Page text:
Friday, October 2, 2015

Suspension of Disbelief: Intended Audience

Shannon Dittemore is the author of the Angel Eyes trilogy. She has an overactive imagination and a passion for truth. Her lifelong journey to combine the two is responsible for a stint at Portland Bible College, performances with local theater companies, and a love of all things literary. When she isn’t writing, she spends her days with her husband, Matt, imagining things unseen and chasing their two children around their home in Northern California. To connect with Shan, check out her website, FB, Twitter, Instagram, or Pinterest.

Confession: When I was in ninth grade, I walked out of the movie theater during Ace Ventura because Jim Carrey was talking with his butt. So totally not my thing.

There isn't a single person on the planet who would enjoy watching slap stick comedy with me. I am not a fan. In fact, I hate it. I grumble and complain about the implausibility of it all and the sheer stupidity of the plot. At the theater, people throw popcorn at me because I'm not great at quiet and I'm perfectly okay admitting that slap stick is just not my genre.

Now, my husband? He's a huge fan. He could watch and believe in the magical powers of Jim Carrey for days on end. Our marriage has survived, in part, because he doesn't insist I accompany him to such movies and I don't demand he watch Jane Austen with me. We're all about compromise over here.

And that brings me to today's chat. When writing fiction, we must keep our intended audience in mind when we sit down to write. What would the historical fiction reader think, for example, if Elizabeth Bennett suddenly bent over and started talking to Mr. Darcy with her behind? For the most part, historical fiction audiences aren't looking for that kind of humor. They're looking for something a little more appropriate to the time period.

Obviously, this example is an extreme one, but within each genre there are certain boundaries you are welcome to nudge and certain boundaries that just might cause the audience to push back. Remember, readers want to believe you. They want to get lost in your fictional world. You, as the storyteller, have a lot of latitude, but ignoring the desires of your audience is a good way to ruin the magic.

Science fiction and fantasy readers will often give the author tons of room to play with, whereas readers of military science novels (like the Tom Clancy stuff) prefer things to be accurate and factually sound. It's why speculative fiction authors are usually praised for things like world building and creativity while the Tom Clancy guys are praised for their research and precision. The preferences of the intended audience directly relate to how an author and his books are viewed. It benefits the writer to remember that.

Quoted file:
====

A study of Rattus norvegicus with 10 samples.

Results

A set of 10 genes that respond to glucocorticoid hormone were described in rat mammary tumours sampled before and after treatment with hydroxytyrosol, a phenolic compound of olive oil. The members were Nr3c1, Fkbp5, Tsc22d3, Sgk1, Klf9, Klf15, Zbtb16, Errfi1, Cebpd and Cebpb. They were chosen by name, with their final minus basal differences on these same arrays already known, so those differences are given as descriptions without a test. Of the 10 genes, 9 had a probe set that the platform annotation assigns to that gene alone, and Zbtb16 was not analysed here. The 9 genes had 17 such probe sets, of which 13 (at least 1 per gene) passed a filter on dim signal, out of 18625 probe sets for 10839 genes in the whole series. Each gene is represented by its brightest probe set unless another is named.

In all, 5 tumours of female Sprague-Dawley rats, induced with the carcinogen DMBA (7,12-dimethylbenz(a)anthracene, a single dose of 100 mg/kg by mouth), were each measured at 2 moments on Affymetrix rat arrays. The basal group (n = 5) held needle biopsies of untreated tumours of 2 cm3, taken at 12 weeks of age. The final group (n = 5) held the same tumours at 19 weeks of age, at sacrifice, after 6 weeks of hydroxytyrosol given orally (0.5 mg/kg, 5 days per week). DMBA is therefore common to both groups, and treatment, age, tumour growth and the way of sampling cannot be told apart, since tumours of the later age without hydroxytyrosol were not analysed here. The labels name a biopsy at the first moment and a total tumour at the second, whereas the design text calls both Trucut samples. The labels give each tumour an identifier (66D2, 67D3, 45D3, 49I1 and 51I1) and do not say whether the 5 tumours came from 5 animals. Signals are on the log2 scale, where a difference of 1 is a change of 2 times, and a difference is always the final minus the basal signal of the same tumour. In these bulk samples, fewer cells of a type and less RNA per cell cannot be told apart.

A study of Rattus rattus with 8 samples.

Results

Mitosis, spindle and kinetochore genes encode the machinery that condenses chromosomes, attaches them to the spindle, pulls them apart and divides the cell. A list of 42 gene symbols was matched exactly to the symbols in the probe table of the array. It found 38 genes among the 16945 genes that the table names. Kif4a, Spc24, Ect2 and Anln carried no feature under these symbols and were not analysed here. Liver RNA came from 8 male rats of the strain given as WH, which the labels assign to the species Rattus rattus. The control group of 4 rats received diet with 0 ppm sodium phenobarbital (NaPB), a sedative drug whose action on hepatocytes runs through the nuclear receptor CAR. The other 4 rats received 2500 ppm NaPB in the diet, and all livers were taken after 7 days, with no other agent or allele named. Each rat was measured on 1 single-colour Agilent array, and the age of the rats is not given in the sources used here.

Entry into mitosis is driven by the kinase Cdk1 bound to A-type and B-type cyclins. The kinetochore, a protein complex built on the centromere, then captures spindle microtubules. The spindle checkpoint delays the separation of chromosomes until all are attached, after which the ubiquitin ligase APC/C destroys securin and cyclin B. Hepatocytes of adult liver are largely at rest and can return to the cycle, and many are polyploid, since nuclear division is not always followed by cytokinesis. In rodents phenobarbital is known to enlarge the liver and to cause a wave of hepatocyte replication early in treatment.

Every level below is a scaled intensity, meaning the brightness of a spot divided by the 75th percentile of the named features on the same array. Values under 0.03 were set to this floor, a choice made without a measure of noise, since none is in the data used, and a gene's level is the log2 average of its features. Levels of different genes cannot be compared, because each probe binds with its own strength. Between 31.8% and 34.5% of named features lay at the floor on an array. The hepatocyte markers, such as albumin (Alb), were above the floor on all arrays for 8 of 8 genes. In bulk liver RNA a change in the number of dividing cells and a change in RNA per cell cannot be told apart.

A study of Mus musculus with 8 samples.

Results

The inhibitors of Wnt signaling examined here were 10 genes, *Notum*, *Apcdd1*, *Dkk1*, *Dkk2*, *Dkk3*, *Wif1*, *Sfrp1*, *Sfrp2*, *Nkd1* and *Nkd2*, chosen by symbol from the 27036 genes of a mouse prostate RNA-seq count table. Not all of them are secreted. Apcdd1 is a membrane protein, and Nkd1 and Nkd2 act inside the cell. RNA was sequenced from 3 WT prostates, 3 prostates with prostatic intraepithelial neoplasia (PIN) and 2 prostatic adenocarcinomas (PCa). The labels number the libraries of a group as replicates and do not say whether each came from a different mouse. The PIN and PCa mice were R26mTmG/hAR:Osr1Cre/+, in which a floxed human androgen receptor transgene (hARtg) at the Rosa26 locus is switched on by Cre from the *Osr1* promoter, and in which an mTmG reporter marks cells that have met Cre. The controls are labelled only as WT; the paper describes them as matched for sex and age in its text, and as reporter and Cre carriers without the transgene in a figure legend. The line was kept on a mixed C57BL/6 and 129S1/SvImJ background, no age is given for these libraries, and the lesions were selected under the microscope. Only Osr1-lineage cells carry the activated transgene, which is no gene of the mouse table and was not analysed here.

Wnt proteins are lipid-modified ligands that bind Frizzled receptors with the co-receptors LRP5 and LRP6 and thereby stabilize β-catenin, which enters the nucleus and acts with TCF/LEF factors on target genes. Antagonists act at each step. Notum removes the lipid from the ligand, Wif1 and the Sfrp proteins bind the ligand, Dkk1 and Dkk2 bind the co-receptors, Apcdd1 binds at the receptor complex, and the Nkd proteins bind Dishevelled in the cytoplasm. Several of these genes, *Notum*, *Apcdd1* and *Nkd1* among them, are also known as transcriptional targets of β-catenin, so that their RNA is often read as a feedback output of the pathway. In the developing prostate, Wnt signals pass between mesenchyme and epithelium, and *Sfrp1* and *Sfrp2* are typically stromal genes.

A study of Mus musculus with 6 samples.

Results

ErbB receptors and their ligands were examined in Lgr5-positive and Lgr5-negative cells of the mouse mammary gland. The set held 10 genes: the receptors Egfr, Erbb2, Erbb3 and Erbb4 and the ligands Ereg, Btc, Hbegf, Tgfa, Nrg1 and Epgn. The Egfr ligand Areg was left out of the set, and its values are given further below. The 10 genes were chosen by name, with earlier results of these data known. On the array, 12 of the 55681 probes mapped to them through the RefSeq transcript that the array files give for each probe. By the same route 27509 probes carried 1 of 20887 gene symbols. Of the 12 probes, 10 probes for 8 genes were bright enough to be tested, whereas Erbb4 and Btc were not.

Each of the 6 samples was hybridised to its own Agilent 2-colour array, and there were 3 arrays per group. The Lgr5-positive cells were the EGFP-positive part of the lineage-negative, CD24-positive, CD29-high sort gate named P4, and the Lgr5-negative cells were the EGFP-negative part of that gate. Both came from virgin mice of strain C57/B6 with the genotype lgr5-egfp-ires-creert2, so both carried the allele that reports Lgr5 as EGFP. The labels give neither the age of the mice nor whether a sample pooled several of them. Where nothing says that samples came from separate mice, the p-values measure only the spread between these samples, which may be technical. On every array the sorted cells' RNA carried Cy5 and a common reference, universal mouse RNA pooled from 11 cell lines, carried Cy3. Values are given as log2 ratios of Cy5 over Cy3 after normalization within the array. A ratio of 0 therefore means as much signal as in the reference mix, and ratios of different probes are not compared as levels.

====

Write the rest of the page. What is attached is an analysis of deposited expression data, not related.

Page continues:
Like all writing rules, there are the exceptions. The stories that somehow make smashups work. I think of the book, Pride and Prejudice and Zombies, or the film, Cowboys and Aliens. You'll have to be the judge of how well these worked, but it's important to keep in mind that the writers made very intentional decisions when drafting these stories. They didn't stumble into another genre accidentally. Up front, audiences knew what they were getting.

There's nothing quite like opening a book you think will be a sweet romance and finding out the author expects you to believe worms have taken over the earth. So, while I'll never, ever tell you that there's one way to write a book, I do think you should always, always keep your intended audience in mind when you sit down to write it.

Tell me, have you ever picked up a book you thought was one thing but turned out to be something else entirely? Was it a good surprise or a bad surprise? And do you make it a practice to think about your intended audience when you settle into your writing cave?

18 comments:

  1. Hm...nothing comes to mind right now, but I'm sure there's *something* which surprised me in a way I didn't like. As for my intended audience? Well, right now I'm really only writing for fun, so it's me and my little brother. Since our tastes are nearly identical, it's pretty easy to catch things which just don't make any sense. At least, he is. I'm usually too caught up in whatever plot I'm wrestling. :)
    Great post!

    I guess it's a good example of someone willing to take a risk like that. I'm sure there are those who were thrilled by that twist. (Just not me :P)





    I personally do not think about audience, but i think I should from now on.


    I don't like when a favorite author totally switches genres on me. I usually know it going in, like when John Grisham wrote Skipping Christmas. And then I'm okay. It's when I'm surprised or taken off guard that I am one angry/disappointed reader.